February 12, 2023
This is the first of three follow-up articles to Kids Do Well if They Can that Mary O’Connell and I will write in the coming weeks. A dear friend and colleague of LifeWays, Mary has a non-profit farm education program and LifeWays Representative site at Paradise Farm in West Bend, where she and her colleagues provide outdoor, farm-based education to children and adults.
A couple of weeks ago, I wrote a blog post about the work of Ross Greene, and his simple motto that “Kids do well if they can.” Several of you wrote in, saying you resonated with the description of teachers experiencing challenges in their early childhood programs.
“Early childhood professionals are faced with a larger-than-ever number of children needing extra help. Veteran and new teachers and caregivers alike are feeling unprepared to handle the behavior challenges they’re experiencing daily. I frequently hear directors say, “We want to work with this child, but we have to consider the needs of all the other children in the classroom.” It seems that, for many children today, the demands of life in the early childhood program exceed their capacity to adapt. They cry or sulk, they kick or hit, they scream and tantrum. And their teachers lay on the natural (or sometimes quite unnatural) consequences to try to help them fall in line with the group. These consequences often don’t work. So, what do we do then?”
In the blog post I suggested we shift our point of view from “children do well when they want to” to “children do well when they can.” When we shift our gaze to assume that a child will do well if they can do well, our next question is, “What is causing children’s ‘unwellness’ in our program?” Ross Greene asserts that young children exhibit troublesome behaviors when the demands being placed on them exceed their ability to respond adaptively. You may think, “Well, I’m not demanding anything. I just want him to be able to play nicely with his friends and not throw things across the room!” For a young child (especially one who spent a good percentage of his formative years socially distancing due to a pandemic), spending several hours in a group of children away from home is a tall order.
How do we help the children who are not adapting well in our programs?
Identify the unmet need or the skill not yet developed
We can begin by observing. We might find it hard to believe that a child’s challenging behaviors are highly predictable, believing instead that such behaviors occur out of the blue. But there are often patterns to challenging behaviors in children.
Here are some common patterns that can be associated with behavior challenges in early childhood programs:
- Difficulty during transition times between one activity and the next
- Falling apart while doing things that are challenging, such as getting ready to go outside or participating in circle time
- Difficulty expressing needs in words, leading to frustration and, ultimately, outbursts that seem extreme
Meeting the child’s needs and helping them develop skills
A child who acts out during transition times may be feeling uneasy, not sure of what comes next, and this can cause them to act out. Maintaining a simple, steady rhythm that is the same every day and doesn’t include unnecessary transitions can be helpful. This may mean simplifying your daily routine and not offering as many activities as you had planned.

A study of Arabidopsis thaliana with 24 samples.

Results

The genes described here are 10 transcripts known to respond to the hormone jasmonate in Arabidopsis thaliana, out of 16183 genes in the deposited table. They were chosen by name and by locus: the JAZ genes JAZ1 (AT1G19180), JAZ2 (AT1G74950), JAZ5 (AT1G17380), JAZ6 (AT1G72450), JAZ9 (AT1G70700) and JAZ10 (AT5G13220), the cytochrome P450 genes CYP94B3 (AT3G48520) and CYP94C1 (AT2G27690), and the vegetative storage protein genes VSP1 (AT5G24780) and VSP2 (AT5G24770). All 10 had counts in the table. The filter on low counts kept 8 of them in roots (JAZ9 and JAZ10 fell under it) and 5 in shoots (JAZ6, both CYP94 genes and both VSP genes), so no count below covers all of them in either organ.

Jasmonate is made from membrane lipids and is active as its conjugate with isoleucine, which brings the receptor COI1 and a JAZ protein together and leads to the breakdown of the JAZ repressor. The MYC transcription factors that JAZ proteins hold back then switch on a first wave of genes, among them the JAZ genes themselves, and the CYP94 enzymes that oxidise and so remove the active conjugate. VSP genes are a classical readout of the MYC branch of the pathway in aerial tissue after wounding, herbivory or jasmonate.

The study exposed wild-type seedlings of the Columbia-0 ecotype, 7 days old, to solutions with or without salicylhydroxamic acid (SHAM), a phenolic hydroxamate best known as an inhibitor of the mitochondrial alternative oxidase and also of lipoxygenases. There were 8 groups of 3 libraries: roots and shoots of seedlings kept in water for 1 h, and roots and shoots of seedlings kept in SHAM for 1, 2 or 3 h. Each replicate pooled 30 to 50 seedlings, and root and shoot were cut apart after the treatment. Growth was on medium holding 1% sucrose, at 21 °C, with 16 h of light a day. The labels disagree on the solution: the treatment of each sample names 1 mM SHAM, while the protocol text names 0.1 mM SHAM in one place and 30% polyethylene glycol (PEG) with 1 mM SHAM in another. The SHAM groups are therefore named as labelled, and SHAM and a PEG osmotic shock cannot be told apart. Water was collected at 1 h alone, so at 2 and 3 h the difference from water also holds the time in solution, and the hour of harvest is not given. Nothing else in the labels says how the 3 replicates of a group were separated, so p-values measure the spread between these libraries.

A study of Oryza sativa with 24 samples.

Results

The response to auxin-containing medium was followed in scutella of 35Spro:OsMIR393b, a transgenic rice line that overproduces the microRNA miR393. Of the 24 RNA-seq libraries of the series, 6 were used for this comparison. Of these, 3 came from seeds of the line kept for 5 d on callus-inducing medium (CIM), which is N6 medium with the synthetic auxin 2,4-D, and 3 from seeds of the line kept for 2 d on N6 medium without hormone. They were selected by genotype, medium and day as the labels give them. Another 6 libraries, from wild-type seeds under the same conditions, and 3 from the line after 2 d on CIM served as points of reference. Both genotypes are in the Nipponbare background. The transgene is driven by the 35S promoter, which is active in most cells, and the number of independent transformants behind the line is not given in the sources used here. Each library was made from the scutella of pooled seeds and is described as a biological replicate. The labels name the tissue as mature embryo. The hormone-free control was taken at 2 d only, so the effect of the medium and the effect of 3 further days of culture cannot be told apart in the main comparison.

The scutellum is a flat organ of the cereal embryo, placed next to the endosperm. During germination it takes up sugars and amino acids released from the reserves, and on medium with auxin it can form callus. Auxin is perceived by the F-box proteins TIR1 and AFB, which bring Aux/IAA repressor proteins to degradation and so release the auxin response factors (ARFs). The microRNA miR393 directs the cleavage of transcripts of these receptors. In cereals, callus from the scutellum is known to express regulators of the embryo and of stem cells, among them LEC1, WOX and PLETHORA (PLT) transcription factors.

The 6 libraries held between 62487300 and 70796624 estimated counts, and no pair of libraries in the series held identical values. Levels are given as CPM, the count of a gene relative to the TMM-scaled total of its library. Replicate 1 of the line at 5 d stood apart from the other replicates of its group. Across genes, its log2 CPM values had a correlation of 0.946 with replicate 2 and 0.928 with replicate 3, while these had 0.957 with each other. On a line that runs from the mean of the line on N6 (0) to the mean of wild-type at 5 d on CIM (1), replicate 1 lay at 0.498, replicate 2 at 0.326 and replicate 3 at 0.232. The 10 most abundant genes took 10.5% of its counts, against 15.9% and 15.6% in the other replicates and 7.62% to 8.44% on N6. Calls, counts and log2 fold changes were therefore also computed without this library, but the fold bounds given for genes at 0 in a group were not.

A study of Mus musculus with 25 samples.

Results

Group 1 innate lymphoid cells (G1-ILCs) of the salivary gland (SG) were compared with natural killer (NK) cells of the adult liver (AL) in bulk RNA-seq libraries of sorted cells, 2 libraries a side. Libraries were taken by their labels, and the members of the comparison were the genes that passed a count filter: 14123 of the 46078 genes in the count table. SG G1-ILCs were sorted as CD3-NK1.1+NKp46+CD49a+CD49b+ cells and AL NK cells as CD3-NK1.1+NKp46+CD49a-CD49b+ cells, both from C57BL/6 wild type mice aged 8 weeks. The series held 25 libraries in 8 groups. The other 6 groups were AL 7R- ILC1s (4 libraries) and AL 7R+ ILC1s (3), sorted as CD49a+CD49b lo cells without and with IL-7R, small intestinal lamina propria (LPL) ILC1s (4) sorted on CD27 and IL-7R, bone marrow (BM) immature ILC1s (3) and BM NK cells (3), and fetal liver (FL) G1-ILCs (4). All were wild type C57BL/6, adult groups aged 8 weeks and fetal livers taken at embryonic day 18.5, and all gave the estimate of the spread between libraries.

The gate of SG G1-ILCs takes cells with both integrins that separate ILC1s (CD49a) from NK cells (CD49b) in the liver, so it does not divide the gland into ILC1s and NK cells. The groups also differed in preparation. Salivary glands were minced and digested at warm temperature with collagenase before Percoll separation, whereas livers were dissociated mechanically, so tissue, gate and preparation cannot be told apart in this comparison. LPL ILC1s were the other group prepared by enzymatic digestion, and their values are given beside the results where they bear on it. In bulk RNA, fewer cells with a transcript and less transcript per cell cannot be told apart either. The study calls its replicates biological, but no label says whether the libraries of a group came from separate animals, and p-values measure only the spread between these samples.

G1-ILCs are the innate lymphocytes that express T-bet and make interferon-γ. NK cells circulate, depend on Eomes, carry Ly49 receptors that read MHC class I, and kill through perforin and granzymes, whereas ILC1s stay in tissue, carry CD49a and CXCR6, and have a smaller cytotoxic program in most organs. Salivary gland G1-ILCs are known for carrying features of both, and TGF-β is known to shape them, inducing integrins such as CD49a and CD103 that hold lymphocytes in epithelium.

The child who experiences frustration when faced with a challenging task can be aided by encountering smaller doses of the job at hand. If getting all their outdoor gear on is too much, then offer a helping hand while giving them the chance to handle smaller parts of that process. If participating in circle time is too hard, perhaps they can watch from a nearby vantage point. If the entire group is having trouble with circle time, maybe it’s just too much for them right now. You can simplify it by gathering the group for a short game of Ring Around the Rosy and slowly build their capacity to participate in a longer circle time over many weeks. You want circle time to be something they look forward to, not something they dread.
“Use your words” is a common refrain repeated by adults in early childhood programs. Many children who are experiencing language development delays (more common since the pandemic) do not have the verbal skills to calmly state their problem. Getting down to the child’s level and expressing what you think might be upsetting them can really help. “Are you upset because you were planning on taking that spoon to the kitchen and give it to Mr. Jim, but Olivia took it instead?” Child nods yes, and the tears start rolling. You give them a warm hug and reassure them that tomorrow you’ll be using the spoon again and they will be able to carry it to the kitchen then. Acknowledging children’s unmet needs goes a long way toward reassuring them and building a connection.
And that is the most important thing with young children, isn’t it? Connecting with them. We can get so excited about all the wonderful things we have planned for the children in our care – the stories, the songs, the painting, and the crafts. Many children today need time to play, opportunities to learn to be comfortable in a group setting, and plenty of moments of connection with you, their beloved adult. The other activities can come later, once the basics are well-established. Give yourself the grace and time to connect with the children. It will be time well spent.